Maybe you have heard this like I have: “I’m all about the journey.” I have had this said to me before and in years gone by I would nod sagely and say, “Yes. All about the journey. It’s not about the end. It’s about HOW you get there.” It sounded so, well, romantic, to be all about the journey even if I had no idea what that meant or looked like.
But there’s a problem – one that is becoming increasingly clear to me: I’m NOT all about the journey. In fact, I’m so not about the journey I would happily skip it just to get where I want to go. I am a self-avowed task-oriented, git-her-done, tick-it-off-the-list, drive-you-crazy kind of person. And I do! Drive you crazy, that is. At least I drive my poor husband crazy with my lists and my plans and my “just this last thing.” I can’t be happy until the job is done.
You probably can see where I’m going with this. Parenthood is, at least in my own very limited experience, all about the journey, all the time. I could make lists like “change diaper; make lunch; clean up lunch; play; nap; feed; clean up; play.” Seriously? Or the list could say, “Keep Judah alive today.” Or, better yet, “Keep Judah happy and keep myself sane.” Not bad, but not exactly catering to my tendency to organize my life and everyone else’s lives into neat little lists of tasks and achievements.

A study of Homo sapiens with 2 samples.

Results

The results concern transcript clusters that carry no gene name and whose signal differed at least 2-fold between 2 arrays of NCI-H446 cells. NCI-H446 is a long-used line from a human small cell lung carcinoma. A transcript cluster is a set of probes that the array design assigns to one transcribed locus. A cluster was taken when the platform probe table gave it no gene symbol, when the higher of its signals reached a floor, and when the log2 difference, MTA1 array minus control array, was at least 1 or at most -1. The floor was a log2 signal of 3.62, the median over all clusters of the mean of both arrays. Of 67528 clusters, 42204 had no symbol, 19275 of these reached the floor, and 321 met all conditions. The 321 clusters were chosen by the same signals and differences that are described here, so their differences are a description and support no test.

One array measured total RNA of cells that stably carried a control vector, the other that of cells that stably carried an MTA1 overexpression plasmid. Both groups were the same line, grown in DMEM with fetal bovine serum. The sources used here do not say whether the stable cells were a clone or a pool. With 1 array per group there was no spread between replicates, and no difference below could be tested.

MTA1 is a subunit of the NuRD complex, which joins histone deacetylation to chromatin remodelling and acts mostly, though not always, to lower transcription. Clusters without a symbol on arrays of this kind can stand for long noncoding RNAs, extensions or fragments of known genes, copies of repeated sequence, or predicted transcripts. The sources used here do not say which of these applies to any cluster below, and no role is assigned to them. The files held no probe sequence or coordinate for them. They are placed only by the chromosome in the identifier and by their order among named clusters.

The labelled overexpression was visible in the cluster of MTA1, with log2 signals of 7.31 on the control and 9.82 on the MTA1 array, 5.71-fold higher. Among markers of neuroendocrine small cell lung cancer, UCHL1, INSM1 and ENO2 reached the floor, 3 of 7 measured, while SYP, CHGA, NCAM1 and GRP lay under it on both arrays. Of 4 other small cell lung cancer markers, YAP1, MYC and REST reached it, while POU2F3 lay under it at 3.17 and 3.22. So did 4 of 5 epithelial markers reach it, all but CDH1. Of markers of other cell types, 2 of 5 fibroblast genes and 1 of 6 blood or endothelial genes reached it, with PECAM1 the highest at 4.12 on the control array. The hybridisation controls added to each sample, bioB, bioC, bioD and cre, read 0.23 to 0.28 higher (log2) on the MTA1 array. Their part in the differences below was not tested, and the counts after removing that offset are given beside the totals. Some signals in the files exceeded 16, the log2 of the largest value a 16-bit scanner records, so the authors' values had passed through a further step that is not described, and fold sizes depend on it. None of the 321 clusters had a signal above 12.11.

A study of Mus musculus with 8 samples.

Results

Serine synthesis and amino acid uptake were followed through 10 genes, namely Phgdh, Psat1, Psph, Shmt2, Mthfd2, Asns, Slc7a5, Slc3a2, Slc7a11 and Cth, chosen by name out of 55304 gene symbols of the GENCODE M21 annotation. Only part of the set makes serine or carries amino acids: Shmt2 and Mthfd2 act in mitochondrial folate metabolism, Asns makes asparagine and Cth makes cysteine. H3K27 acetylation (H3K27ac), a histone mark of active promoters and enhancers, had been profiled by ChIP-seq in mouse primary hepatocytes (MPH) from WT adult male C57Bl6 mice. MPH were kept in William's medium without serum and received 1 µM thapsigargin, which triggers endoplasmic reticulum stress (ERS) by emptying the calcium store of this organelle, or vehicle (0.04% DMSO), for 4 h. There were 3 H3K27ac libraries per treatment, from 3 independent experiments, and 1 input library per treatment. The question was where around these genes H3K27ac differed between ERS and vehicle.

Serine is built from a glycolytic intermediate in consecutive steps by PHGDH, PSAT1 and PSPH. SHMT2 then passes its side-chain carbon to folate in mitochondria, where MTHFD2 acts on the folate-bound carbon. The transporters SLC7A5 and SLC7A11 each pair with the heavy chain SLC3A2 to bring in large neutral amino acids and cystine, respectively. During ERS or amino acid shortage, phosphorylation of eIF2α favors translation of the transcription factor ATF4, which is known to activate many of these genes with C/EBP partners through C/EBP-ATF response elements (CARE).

It’s becoming clear that I have to change myself on some fundamental and vitally important level. I have to become “all about the journey.” I have to re-center my energy and commitment to learning a person: a person who is not a list of jobs or a checklist to be completed by the end of the day; a person who has his own challenges, his own gifts, his own personality and whose parents have the mind boggling job of figuring out those challenges and gifts and personality. And I’m starting to get the feeling I’m never going to have it all figured out.
“Figure out parenting.”
All about the journey. Well, yes, I guess I have to be. So, now I tell myself that if, at the end of a long and tiring day, I know my son just a little bit better; if I understand him a little more; if I loved him at least as well as I could, then I can check the box on my list. The only thing is, tomorrow it’s the same list and the same box. “Love Judah.” (Maybe I should add something and make it a list of two: “Love Josh.”)
I have had it said to me a million (A MILLION) times, “Enjoy these early years. They go by so fast.” OK. So add that to the list. “Enjoy. Love. Change a diaper. Learn. Change another diaper.” If I can be all about the journey now, I’ll end up at the end of it probably wishing the box wasn’t ticked and the list wasn’t completed. But journey or not, it will be nice to be done with the diapers.